A Brazilian Supreme Court judge on Monday annulled the criminal convictions against former leftist President Luiz Inacio Lula da Silva, a move that could allow the popular politician to run in next year’s presidential election.
The decision roiled financial markets and scrambled forecasts for the 2022 race, with many investors betting it would polarize voters between President Jair Bolsonaro, a far-right populist, and Lula, his greatest opponent on the left.
In a surprise decision, Justice Edson Fachin said a court in the southern city of Curitiba had lacked the authority to try Lula on corruption charges and that he must be retried in federal courts in the capital Brasilia.
Bolsonaro, speaking to reporters in Brasilia, said he hoped the decision is overturned when it is reviewed by the full Supreme Court. He added that he did not believe Brazilians wanted Lula to run next year.
The office of Brazil’s prosecutor general said it will appeal the decision.
Brazil’s real sank around 1.5% to a fresh four-month low after the news and the Bovespa stock index fell 4%. The real closed at 5.7779 per dollar, its weakest since May last year.
Financial analysts said the prospect of Lula candidacy would likely drive Bolsonaro to abandon economic reforms he ran on in 2018 and further embrace populist measures to shore up support.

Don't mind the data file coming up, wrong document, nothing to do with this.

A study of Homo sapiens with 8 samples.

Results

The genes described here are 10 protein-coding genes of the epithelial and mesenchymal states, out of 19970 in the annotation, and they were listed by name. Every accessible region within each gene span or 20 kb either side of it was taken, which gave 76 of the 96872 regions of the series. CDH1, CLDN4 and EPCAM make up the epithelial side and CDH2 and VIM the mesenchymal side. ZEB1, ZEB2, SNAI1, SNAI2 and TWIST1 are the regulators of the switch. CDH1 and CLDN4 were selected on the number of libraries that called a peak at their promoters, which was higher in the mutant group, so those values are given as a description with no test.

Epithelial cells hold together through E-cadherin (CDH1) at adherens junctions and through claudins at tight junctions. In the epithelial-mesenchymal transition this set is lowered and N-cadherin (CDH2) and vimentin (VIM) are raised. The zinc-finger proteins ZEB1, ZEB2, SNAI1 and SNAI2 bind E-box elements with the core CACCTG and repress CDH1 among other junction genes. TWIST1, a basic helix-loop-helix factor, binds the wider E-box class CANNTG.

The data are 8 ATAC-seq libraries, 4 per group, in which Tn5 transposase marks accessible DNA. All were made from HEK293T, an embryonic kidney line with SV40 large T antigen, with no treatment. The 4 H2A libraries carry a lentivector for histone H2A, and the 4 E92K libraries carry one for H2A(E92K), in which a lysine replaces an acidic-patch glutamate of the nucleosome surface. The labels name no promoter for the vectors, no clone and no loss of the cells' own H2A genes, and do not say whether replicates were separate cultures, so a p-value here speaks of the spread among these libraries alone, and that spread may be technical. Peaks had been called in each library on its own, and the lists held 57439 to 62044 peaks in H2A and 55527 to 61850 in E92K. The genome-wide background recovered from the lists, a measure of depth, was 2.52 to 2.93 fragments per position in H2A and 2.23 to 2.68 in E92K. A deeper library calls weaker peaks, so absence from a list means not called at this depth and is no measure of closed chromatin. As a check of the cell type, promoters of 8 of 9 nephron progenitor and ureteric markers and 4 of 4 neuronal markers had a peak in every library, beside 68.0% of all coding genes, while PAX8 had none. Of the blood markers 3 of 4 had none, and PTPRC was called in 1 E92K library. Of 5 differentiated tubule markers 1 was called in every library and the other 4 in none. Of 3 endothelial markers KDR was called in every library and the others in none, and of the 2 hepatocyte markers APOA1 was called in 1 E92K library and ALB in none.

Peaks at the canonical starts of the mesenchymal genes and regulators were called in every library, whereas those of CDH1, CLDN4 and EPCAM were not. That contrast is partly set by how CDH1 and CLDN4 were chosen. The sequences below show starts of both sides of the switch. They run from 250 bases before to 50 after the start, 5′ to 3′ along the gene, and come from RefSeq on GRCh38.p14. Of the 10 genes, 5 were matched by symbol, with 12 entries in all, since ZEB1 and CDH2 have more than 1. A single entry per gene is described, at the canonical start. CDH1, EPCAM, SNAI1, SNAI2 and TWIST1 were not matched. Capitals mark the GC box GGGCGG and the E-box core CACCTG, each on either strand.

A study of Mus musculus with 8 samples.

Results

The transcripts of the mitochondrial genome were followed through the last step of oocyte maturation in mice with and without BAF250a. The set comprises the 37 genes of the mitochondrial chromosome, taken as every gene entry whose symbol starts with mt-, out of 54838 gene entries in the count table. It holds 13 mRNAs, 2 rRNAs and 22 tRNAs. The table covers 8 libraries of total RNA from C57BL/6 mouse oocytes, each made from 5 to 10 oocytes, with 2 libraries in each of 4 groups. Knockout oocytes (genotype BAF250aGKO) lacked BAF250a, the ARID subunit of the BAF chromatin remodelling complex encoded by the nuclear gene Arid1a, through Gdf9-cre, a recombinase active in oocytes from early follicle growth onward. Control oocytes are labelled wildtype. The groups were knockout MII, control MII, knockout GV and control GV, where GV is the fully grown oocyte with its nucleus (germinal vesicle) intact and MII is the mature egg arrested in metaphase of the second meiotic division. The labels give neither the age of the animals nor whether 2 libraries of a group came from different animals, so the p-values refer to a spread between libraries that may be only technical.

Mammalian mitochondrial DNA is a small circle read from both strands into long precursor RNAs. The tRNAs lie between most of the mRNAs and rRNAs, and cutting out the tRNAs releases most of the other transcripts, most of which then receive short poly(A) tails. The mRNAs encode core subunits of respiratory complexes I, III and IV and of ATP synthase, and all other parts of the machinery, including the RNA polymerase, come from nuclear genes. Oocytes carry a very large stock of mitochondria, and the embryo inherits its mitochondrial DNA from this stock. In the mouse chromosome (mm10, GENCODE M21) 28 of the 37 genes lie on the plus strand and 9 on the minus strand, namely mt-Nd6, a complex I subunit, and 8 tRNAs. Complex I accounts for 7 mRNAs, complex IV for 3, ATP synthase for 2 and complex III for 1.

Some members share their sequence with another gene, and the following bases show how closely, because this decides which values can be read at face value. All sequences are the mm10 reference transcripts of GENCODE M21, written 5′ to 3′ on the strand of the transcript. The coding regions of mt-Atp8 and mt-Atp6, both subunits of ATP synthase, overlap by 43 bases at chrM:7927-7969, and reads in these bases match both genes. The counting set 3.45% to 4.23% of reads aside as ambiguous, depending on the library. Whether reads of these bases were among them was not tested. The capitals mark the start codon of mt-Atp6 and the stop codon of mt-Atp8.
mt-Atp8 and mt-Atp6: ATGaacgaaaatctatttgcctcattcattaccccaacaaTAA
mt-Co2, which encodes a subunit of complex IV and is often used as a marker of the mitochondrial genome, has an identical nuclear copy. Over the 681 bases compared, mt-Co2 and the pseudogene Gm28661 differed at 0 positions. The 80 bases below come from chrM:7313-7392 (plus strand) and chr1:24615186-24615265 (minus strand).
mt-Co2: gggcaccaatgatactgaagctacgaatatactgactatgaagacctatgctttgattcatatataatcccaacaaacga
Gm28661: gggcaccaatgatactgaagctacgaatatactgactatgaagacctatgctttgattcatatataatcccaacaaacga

“With Lula eligible, the chance of this current government going totally towards populism increases even more,” said Alfredo Menezes, managing partner at Armor Capital.
Lula, 75, governed Latin America’s biggest country and largest economy between 2003 and 2011, overseeing a commodities boom that turbocharged economic growth.
In 2018, he was convicted of taking bribes from engineering firms in return for public contracts and spent a year and a half behind bars, until the Supreme Court ruled he and others could appeal their cases without serving time.
Lula and his supporters blasted the anti-corruption task force that brought him down, called Operation Car Wash, as a politically driven effort. Leaked conversations in 2019 raised questions about whether investigators had cut corners to secure prosecutions. The task force was disbanded in February.
In a note, Lula’s legal team said the decision on Monday was recognition that the former president was innocent.
His conviction had prevented him from running for another presidential term in 2018.
The charismatic former union leader is a polarizing figure but still beloved by much of Brazil’s working class for bringing millions out of poverty through generous social welfare programs.
Lula is the only one of 10 potential 2022 candidates who outperformed the president in a survey by polling company Ipec, published in newspaper O Estado de S.Paulo last week.
It found that 50% of the 2,002 people it interviewed “would certainly” or “could” vote for Lula, compared with 38% for Bolsonaro. Some 44% of respondents said they would never vote for Lula, while 56% would never vote for Bolsonaro, the poll found.